Yesterday President Biden signed the $1.9 trillion Covid relief bill, and that new bill includes another round of stimulus payments for Americans. Each eligible person will receive $1,400, meaning a family of four could receive as much as $5,600. The checks will go out over the next few weeks.
Check your stimulus status on the IRS website with the “Get My Payment” tool.
Many Americans are wondering: what should I do with this extra money?
10 Smart Ways to Use Your Stimulus Check
- Start a basic emergency fund of $1,000 – Many personal finance experts agree that establishing even a basic emergency fund of $1,000 is one of the best ways to help cover the unexpected. After witnessing the devastating effects of COVID-19 I’ve increased my own emergency fund.
- Pay off debt – Hold on there before you click that button to pay extra on your outstanding debts. Getting rid of debt is great, but you need to examine what kind of debt you have. If your debt interest rate is above 10%, I consider “top priority” debt. Pay on these first, even if you have lower balances elsewhere. The relief from compound interest working against you can be just as rewarding as clearing small debts. If the debt carries no interest, leave it alone and pay it on the existing schedule.
Nearly two-thirds of 40-somethings have less than $100,000 in retirement savings and 28% of those in their sixties have less than $50,000.“Here’s how much Americans have saved for retirement at different ages” by CNBC
- Add extra money to your retirement account – To cover $40,000 in expenses per year for at least 25 years, you need at least $1 million in a retirement account invested in index funds. This amount would allow you to take $40,000 a year and never touch the original contributions (95% of the time, this means you’ll never run out of money in retirement). Unless you’ve already invested a million dollars in your future, add some dough to your retirement accounts.
- Add money to your HSA (if you have one) – Did you know you can use your HSA to grow your money tax-free? Add money to the HSA up to the current limit, invest it into low-cost index funds, and instead take that money out when you have a medical expense hang onto the receipts, and cash them out later when you need the money. (Yes, this perfectly legal.)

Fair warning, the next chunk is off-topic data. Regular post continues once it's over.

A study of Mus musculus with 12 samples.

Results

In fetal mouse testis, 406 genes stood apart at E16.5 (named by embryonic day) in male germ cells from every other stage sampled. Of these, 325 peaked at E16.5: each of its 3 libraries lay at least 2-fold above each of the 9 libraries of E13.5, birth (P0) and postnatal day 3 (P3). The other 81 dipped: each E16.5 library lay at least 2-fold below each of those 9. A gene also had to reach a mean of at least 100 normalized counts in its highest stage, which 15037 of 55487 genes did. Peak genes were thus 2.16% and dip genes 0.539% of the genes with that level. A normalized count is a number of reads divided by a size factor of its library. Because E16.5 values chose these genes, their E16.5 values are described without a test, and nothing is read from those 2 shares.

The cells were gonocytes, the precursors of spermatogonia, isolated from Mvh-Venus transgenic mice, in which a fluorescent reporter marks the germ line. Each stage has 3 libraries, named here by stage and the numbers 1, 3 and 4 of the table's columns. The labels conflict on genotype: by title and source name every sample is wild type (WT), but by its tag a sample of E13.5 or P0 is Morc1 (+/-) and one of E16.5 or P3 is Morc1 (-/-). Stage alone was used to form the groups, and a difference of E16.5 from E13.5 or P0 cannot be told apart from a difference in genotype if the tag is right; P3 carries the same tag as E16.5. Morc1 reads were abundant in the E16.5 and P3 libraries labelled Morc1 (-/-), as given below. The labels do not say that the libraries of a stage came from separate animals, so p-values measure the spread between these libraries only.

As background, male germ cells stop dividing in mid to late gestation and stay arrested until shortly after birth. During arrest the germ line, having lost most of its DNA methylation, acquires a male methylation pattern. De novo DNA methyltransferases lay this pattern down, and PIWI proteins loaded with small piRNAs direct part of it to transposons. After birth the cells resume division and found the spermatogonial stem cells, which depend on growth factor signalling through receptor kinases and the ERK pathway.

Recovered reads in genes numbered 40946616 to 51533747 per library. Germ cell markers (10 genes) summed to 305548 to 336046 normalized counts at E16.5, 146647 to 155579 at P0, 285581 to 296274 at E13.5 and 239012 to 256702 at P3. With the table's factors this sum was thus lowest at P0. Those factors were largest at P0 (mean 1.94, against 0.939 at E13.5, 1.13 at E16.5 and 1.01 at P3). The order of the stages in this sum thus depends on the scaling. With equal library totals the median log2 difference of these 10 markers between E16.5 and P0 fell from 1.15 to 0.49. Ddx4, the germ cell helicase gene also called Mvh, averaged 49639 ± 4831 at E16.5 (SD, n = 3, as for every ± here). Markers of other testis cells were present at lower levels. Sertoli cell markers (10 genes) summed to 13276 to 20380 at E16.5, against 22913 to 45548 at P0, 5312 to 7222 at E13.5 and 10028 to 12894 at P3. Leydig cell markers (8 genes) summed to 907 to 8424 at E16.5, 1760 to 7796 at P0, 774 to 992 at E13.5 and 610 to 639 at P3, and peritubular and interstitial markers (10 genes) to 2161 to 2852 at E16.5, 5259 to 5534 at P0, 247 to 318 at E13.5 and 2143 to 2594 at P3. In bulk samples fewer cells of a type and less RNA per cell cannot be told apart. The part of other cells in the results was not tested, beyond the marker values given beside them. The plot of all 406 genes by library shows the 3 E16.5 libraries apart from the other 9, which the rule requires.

- Pay off debts that are in the 1-5% interest rate range – If you’ve exhausted your tax-efficient methods above, NOW pay off lower interest debts. Why? Your money will grow faster invested than you will save by paying off these lower interest debts.
- Open an investment account with Fidelity or Vanguard – This is not as hard as it sounds; I opened my first investment account last year with minimal effort. It’s similar to setting up a bank account. You’ll deposit money into an account that’s a basic savings account, and from there, you can invest it. I’m not advising you to pick stocks here; pick index funds like FXAIX (this is Fidelity’s version of the S&P 500 index fund). You want to pay attention to the expense ratios when investing; these are the expenses associated with owning shares of that index fund. Anything 1% or above will cut into your profits a lot once compounding is applied. Buy your index funds and leave them alone to grow.
- Invest in yourself – Sign up for a class or online course for something you’ve always wanted to learn. The best thing about learning is that it’s an asset no one can ever take away from you.
- Use the money to start signing up for bank bonuses – Many bank bonuses simply require that you open a new account and leave a balance for a few months. Bank bonuses are a great way to grow your money even faster than using traditional savings or CD accounts.
- Donate to a charitable cause – If you feel you don’t need the money, donate it to someone that needs it more than you. If you want to supercharge your donation, check out opening a “donor-advised fund” for your favorite charity. Donor-advised funds are similar to an investment account, but you open it for a charity, and it keeps generating more money for them, like planting a little money tree that keeps bearing fruit.
10. Put the money in your kid’s college fund – Investing in your kid’s future is a great way to help them hit the ground running BUT make sure your future is fully funded as well. I’m going to defer to the directions flight attendants give you about oxygen masks. Always put yours on first before you help your children. Taking care of yourself first may seem harsh, but retirement comes up fast, and you’ll reach a point you can no longer work before them (in most cases).